What Does AFib Feel Like?
There are anywhere between three and six million people who have atrial fibrillation in the U.S. alone — and the number of cases increase every year. What’s most disturbing, however, is that more and more young people are getting it.
AFib is typically an “elderly” person’s disease, but it’s not uncommon for people in their 30s or 40s to get it.
I was diagnosed with AFib when I was just 32 years old. The other day a 22-year-old woman contacted me on my blog to say she was just diagnosed with it.
Atrial fibrillation doesn’t discriminate. While it’s true you’re more likely to get it in your later years, you’re not completely immune to it if you’re young.
This is especially true if AFib runs in your family. My dad was diagnosed with it at a relatively early age (50) and surprise surprise, I was diagnosed with it at an ever earlier age!
What Do the Symptoms Feel Like?
With any disease, the first question that comes to mind is what are the symptoms? Most people are symptomatic, so when they go into AFib, they know something isn’t right.
When I had my first episode, I thought I was having a heart attack. Like the flip of a switch, my heart suddenly took off. My heart was racing and pounding out of my chest as if I had just completed a marathon.
This pounding and racing feeling is one of the most common symptoms of AFib. Another way it’s often described is a large fish flopping in your chest.
Like a fish does if you pull it out of the water and put it on the ground, it flips and flops irregularly — and often times violently as it struggles being out of water. That’s exactly what your heart feels like it’s doing when you’re in AFib — violent, irregular flip-flopping.
When people ask me how will they know if they are in AFib, I always respond with this simple reply: “Trust me. You’ll know!”
The first thing people often assume is that they are having a heart attack. It’s that dramatic of an experience for most people.
When I go into AFib, for example, not only do I know it immediately, but it completely renders me useless. I can’t do anything but sit in a chair or lie down until I convert to normal sinus rhythm (NSR).
Not everyone has such a dramatic experience when they go into AFib. In fact, a lot of people can function normally despite it.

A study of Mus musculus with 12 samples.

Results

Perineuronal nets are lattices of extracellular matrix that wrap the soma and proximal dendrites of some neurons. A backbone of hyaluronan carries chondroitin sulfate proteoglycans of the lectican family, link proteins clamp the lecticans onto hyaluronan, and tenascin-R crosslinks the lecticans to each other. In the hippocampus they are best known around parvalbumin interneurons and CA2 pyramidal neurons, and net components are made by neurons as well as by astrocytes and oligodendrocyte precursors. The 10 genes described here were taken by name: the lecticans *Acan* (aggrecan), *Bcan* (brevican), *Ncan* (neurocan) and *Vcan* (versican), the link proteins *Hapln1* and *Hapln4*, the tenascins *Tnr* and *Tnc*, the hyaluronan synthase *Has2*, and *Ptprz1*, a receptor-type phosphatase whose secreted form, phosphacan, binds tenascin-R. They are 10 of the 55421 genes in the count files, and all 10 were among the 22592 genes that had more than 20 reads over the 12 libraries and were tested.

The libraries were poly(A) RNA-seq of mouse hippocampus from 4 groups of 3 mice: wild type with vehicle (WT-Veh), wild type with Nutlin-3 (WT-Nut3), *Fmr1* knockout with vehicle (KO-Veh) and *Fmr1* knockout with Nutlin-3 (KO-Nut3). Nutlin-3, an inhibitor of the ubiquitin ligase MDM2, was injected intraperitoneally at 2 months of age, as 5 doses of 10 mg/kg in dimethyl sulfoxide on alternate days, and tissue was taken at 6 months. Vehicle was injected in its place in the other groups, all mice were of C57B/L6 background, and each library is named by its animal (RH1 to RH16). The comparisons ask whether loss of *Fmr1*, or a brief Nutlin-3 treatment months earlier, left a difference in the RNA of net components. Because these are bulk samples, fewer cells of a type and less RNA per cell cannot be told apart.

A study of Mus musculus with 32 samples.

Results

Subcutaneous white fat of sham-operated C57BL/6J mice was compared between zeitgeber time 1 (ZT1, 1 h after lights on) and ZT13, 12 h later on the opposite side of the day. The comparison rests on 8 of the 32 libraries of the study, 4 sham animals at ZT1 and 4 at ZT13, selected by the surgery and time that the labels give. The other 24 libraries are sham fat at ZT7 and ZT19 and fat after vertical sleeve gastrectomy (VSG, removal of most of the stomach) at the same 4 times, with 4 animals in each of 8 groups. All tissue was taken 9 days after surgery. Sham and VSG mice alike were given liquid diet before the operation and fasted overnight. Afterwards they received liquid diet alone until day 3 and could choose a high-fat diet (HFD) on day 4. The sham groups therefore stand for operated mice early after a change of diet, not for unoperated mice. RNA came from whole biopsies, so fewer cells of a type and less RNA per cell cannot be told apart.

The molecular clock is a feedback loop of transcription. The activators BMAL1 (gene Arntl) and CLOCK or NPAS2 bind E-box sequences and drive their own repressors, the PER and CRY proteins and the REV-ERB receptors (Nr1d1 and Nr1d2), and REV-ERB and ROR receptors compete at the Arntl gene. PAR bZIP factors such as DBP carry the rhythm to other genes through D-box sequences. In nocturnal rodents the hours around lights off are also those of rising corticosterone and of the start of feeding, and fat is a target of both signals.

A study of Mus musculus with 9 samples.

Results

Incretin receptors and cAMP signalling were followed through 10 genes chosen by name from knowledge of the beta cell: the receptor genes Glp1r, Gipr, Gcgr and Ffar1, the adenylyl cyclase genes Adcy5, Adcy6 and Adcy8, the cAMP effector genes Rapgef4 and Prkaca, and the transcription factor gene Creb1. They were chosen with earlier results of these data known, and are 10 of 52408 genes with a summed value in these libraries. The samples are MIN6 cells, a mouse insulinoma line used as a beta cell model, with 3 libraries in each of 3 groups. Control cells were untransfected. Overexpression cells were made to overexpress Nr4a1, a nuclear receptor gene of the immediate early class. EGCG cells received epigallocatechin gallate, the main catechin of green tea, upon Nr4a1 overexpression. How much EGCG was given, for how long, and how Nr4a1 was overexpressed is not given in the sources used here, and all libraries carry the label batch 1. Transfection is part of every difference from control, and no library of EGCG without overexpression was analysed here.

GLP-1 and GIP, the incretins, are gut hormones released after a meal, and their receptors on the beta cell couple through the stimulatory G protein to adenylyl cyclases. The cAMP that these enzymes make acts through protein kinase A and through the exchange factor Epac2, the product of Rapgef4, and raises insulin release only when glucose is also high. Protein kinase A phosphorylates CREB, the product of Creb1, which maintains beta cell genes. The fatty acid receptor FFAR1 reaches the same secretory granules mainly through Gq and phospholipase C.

Sure they’ll have symptoms, but they won’t be so severe that it knocks them off their feet. These symptoms can include any of the following:
- Light headedness
- Unusual fatigue (they get winded doing the simplest of things)
- A “butterfly” sensation in their chest
- Palpitations (faint or those heart-pounding palpitations)
While most people will experience some degree of the symptoms highlighted above, not everyone does. A small percentage of people have what is called silent AFib. They are asymptomatic, meaning they don’t have any symptoms, or they at least don’t notice them.
For people like me who are highly symptomatic, it’s hard to believe that someone can be in AFib and not even know it but it does happen.
The silent AFibber is usually diagnosed with atrial fibrillation when they go to the doctor for an annual physical or for some other health issue. They’ll be shocked when their doctor diagnoses them with AFib because they didn’t feel anything!
How Do I Know If I Have AFib?
Most people will know when they go into AFib because the experience will be pretty dramatic or they’ll have some degree of the symptoms mentioned earlier. The only way to officially diagnose it, however, is to have an ECG at the doctor’s office or by wearing a heart monitor for a period of time prescribed by your doctor.
There are also consumer-grade heart monitors you can buy that don’t require a prescription. These devices will allow you to take a quick ECG anywhere you are. Two of the most popular right now are the Kardia monitor by AliveCor and the HeartCheck Pen by CardioComm Solutions, Inc.
I like both devices but my favorite right now is the Kardia monitor because it was created specifically to help diagnose AFib. It has a filter that will tell you instantly if you are possibly in AFib. If it detects that you might possibly be in AFib, you can email the ECG to your doctor or to AliveCor’s ECG analysis service for confirmation.
Everyone is unique, so their experience with AFib will likely be unique as well. Some people like me are rendered completely useless when they go into AFib, while others either don’t even feel it or they have symptoms but they can function normally.
Regardless of where you fall in the spectrum, if you have AFib in your family or you’ve experienced any of the symptoms mentioned in this article, you should talk to your doctor.
And if you’re one of those types that doesn’t like to go to the doctor unless absolutely necessary, then I encourage you to at least invest in one of the consumer-grade heart monitors.
Atrial fibrillation itself won’t kill you, but the side effects of it can — so don’t ignore it!